By Martin Owens
Almost 20 years after the release of the hugely successful and popular Trainspotting and 10 years after its sequel, Porno, Irvine Welsh has once again delved into the characters of Renton, Sick Boy, Spud, and Begbie.
Skagboys, Welsh’s favourite word for heroin, is the prequel to Trainspotting and joins the characters as they descend into addiction.
“Skagboys was originally the first 100,000 words of Trainspotting,” explains Welsh. “I cut it out, though, and plunged the reader straight into their world.
“Skagboys follows the gang just as they started to get into heroin. I’ve had it lying around for a while, wondering what to do with it.” Welsh admits there was difficulties in writing both the sequel and prequel to the bestseller after so long. “I haven’t encountered it in years, so I had to read Trainspotting again, which was weird.”
And with the adaptation proving to be such a hit, Welsh admits there was difficulties in getting to know his characters as he first wrote them. “It took a couple of reads before I could see the characters as I wrote them and get the faces of Ewan [McGregor], Bobby [Robert Carlyle], Ewen [Bremner] and Johnny [Lee Miller] out my head.” Capturing the success of Trainspotting in later adaptations has proved to be a tough task for Welsh and he has confessed that the critical acclaim has led to too much pressure and expectation being placed on his later work.
“Trainspotting has definitely cast a big shadow,” admits Welsh. “I can’t complain personally, though, as it’s done that for just about every edgy British film.”
One adaptation that Welsh believes will not suffer in the shadow of his first novel is his third novel, ‘Filth’. Filth follows the life of Detective Sergeant Bruce Robertson as he is winding down at work and gearing up socially – kicking off Christmas with a week of sex and drugs in Amsterdam. There are irritating flies in the ointment, though, including a missing wife, a nagging cocaine habit, a dramatic deterioration in his genital health, and a string of increasingly demanding extra-marital affairs.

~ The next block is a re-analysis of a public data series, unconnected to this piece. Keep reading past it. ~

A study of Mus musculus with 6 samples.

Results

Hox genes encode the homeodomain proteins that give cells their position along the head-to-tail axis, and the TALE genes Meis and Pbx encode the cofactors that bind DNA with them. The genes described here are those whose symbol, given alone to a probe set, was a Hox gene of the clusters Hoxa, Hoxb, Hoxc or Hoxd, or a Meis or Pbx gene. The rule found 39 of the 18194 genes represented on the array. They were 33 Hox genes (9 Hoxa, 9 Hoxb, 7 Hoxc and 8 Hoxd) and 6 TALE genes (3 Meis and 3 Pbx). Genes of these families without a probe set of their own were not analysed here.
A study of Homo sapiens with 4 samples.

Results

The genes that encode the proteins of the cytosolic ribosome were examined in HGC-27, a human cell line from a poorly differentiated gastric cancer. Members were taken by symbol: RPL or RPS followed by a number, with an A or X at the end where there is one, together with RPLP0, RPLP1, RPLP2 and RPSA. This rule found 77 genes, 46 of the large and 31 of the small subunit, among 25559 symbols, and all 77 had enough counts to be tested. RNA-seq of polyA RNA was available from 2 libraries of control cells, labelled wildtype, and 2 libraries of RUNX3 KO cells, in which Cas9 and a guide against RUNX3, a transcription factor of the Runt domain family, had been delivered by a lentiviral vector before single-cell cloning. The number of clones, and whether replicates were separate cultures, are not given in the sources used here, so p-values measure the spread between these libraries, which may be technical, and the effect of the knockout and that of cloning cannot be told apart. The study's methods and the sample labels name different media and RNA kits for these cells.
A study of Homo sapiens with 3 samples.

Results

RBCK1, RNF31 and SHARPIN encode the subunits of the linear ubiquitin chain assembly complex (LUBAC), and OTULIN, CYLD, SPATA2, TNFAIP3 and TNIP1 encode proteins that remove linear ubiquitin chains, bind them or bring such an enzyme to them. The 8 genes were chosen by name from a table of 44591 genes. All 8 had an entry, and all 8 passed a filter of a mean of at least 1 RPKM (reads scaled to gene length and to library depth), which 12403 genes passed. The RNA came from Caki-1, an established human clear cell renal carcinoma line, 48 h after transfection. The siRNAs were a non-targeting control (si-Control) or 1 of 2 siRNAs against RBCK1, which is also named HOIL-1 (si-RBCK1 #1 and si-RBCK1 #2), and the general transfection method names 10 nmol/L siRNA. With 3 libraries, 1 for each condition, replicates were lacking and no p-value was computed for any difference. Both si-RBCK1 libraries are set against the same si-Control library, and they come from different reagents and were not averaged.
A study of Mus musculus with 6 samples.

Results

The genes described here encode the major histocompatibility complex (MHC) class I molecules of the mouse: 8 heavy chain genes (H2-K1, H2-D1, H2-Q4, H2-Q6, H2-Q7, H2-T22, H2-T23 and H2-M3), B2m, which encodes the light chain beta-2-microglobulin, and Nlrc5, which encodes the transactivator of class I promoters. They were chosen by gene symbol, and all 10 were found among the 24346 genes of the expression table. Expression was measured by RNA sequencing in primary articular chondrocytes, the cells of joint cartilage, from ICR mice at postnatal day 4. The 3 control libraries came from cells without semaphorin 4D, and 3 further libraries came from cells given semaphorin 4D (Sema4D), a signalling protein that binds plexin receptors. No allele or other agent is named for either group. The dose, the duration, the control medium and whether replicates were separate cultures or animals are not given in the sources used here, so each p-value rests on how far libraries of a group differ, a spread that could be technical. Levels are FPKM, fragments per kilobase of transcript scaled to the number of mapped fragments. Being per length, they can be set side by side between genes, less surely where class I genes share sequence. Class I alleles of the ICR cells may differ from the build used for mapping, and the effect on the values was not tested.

He said: “I’ve seen the dailies [unedited footage] and they’ve exceeded my expectations. I think this is the best ever cinema adaptation of my work. James McAvoy is Bruce Robertson. “
Alongside James McAvoy on the cast of Filth is acclaimed British star, Jamie Bell, who will take on the character of Ray Lennox – Robertson’s colleague/sidekick.
“James as Bruce and Jamie as Lennox are just electric. They will Almost 20 years after the release of the hugely successful and popular Trainspotting and 10 years after its sequel, Porno, Irvine Welsh has once again delved into the characters of Renton, Sick Boy, Spud, and Begbie. deserve all the plaudits they’ll get from this movie.”
The adaptation of Filth, which has been in the works for years, has been close to cancelation numerous times in the past. It wasn’t until Welsh met Scottish director and producer Jon Baird that the film started to make progress. “Relief is the best way to describe it [the film being made],” confesses Welsh. “Meeting Jon Baird, who produced and directed it, was a game-changer. He had an allencompassing and compelling vision of how it would translate to cinema. It had so many previous homes, where nobody quite knew what to do with it. It needed somebody to really take it by the scuff of the neck, and Jon did that.”
Now that Filth has finally found a home, Welsh is now focussing on other aspects of his work. “I’m very busy at the moment. I’m working with HBO and the team behind the show Eastbound and Down on a US drama series. I’ve also got another film out and a novel that’s out soon.”
His other film is ‘Ecstasy’, an adaptation of his short story Ecstasy: Three Tales of Chemical Romance, stars Billy Boyd and was released on April 20th.
“Ecstasy is such a fun, cool movie – it’s a total romance. It’s like Sex in the City with young people instead of ancient ones and loads of drugs instead of Blackberries.”
Skagboys by Irvine Welsh is out now.